D.C. Metro’s anti-religion ad policy is a train wreck Becket defends church’s right to say religious things about Christmas in subway advertising
Ryan Colby 202-349-7219 email@example.com
WASHINGTON, D.C. – The D.C. Metro, as a government body, is supposed to ensure free speech for everyone, yet now Metro bans any religion-related advertising in its stations and subway cars. After being told it could not buy advertisement space for its annual “Find the perfect gift” Christmas campaign last year, the Catholic Archdiocese of Washington sued the Washington Metropolitan Area Transit Authority (WMATA) for banning religious speech. On Friday, Becket along with Arizona Senator Jeff Flake and the International Society for Krishna Consciousness, Inc. (ISKCON), filed a friend-of-the-court brief in Archdiocese of Washington v. WMATA, arguing that WMATA does not get to arbitrarily exclude messages just because they are religious.
In 2015, WMATA issued a ban on “issue-oriented advertising,” forbidding ad space to political, advocacy, and religious advertising from the Metro subway car walls. Secular ads about Christmas – such as department store sales – are permitted, while ads about the religious meaning of Christmas are prohibited. Metro’s speech ban has also been challenged by the ACLU as a Free Speech violation. As Becket states in its brief, “[T]he government has no authority to privilege the view of Christmas that starts at the shopping mall over the view that starts in a manger. Even Charlie Brown understood that privileging a secular, commercial expression of Christmas over one with religious motivation is a value judgment.”
“Metro’s advertisement policy is a train wreck,” said Mark Rienzi, senior counsel at Becket. “It happily allows defense companies to advertise the latest weapons and Macy’s to advertise a holiday sale, but there is no room at the inn for Baby Jesus? Metro should spend less time playing speech police and more time preventing fires in its stations.”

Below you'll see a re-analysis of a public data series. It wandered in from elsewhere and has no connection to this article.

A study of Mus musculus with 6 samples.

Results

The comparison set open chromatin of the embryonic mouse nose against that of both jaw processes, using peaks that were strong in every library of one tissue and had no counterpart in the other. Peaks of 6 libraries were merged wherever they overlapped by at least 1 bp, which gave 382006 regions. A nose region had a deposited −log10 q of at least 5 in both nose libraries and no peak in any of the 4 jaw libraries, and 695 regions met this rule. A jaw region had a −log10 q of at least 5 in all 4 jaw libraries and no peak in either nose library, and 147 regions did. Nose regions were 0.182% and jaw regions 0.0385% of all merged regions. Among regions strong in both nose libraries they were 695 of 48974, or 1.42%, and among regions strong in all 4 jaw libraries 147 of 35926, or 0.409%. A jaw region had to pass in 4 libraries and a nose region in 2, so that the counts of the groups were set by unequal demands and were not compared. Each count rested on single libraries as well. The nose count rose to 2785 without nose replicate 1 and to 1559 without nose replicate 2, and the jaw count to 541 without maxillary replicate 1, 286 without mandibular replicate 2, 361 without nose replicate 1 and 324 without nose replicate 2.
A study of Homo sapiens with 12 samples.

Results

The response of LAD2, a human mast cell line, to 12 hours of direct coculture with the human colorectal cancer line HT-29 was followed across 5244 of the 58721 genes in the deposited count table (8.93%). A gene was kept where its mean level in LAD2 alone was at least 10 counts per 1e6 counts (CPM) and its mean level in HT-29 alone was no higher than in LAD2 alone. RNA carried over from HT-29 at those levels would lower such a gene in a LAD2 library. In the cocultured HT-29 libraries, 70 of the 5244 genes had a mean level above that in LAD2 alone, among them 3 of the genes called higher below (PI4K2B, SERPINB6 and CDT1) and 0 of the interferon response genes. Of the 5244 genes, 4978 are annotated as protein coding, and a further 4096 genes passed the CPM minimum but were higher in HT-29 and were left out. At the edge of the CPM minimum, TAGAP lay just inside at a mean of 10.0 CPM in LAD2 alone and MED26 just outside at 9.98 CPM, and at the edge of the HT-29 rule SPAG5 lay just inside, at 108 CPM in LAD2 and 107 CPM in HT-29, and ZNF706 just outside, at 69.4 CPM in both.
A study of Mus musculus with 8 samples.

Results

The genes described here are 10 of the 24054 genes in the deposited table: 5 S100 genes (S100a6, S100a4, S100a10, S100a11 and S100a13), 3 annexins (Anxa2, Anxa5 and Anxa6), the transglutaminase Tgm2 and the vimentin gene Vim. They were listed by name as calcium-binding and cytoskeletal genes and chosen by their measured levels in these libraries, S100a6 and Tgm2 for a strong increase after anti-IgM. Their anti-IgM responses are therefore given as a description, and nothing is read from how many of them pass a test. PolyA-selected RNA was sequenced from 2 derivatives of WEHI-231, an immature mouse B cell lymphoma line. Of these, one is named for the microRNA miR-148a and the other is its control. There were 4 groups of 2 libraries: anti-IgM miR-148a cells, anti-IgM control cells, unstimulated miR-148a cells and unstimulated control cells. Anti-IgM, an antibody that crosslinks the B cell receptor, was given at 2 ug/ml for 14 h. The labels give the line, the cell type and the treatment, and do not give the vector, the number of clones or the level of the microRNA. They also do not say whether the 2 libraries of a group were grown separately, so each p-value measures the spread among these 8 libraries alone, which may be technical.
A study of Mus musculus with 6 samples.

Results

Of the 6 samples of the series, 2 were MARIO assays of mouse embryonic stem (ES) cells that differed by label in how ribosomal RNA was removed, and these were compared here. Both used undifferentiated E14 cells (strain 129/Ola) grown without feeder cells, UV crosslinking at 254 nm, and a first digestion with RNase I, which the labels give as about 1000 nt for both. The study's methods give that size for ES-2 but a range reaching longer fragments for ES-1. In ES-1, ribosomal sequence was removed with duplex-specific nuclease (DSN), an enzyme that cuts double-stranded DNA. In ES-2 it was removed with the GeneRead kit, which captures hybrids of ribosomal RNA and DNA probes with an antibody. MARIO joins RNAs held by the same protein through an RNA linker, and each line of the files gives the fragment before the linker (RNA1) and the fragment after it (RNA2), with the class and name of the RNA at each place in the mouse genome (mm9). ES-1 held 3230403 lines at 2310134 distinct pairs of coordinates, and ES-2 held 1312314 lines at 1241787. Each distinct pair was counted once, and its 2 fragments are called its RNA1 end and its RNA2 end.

Bus and subway advertising are one of the most effective ways for the Archdiocese to spread its message of hope during the Christmas season. But WMATA’s guidelines exclude the Archdiocese from advertising solely because its message is religious. Even though a secular organization can post meeting times, address, or contact information on a metro ad, religious groups – including a monastery – were banned from doing the same thing.
WMATA’s guidelines exclude religious groups from participating equally in public advertising space, in violation of the recent Trinity Lutheran Supreme Court ruling protecting the right of religious organizations to participate in widely available programs on equal footing with secular organizations.
“Government agencies should be encouraging free speech, not suppressing the speech they don’t like,” said Rienzi.
The case is currently before the U.S. Court of Appeals for the D.C. Circuit. The Archdiocese is represented by former Solicitor General Paul Clement of Kirkland & Ellis. Ryan Shores and Will Haun of the law firm Shearman & Sterling filed the amicus brief for Becket, Sen. Flake, and ISKCON.
For more information or to arrange an interview with a Becket attorney, please contact Melinda Skea at firstname.lastname@example.org or 202-349-7224. Interviews can be arranged in English, Chinese, French, German, Portuguese, Russian and Spanish.
Becket is a non-profit, public-interest law firm dedicated to protecting the free expression of all religious traditions. For over 20 years, it has defended clients of all faiths, including Buddhists, Christians, Jews, Hindus, Muslims, Native Americans, Sikhs, and Zoroastrians (read more).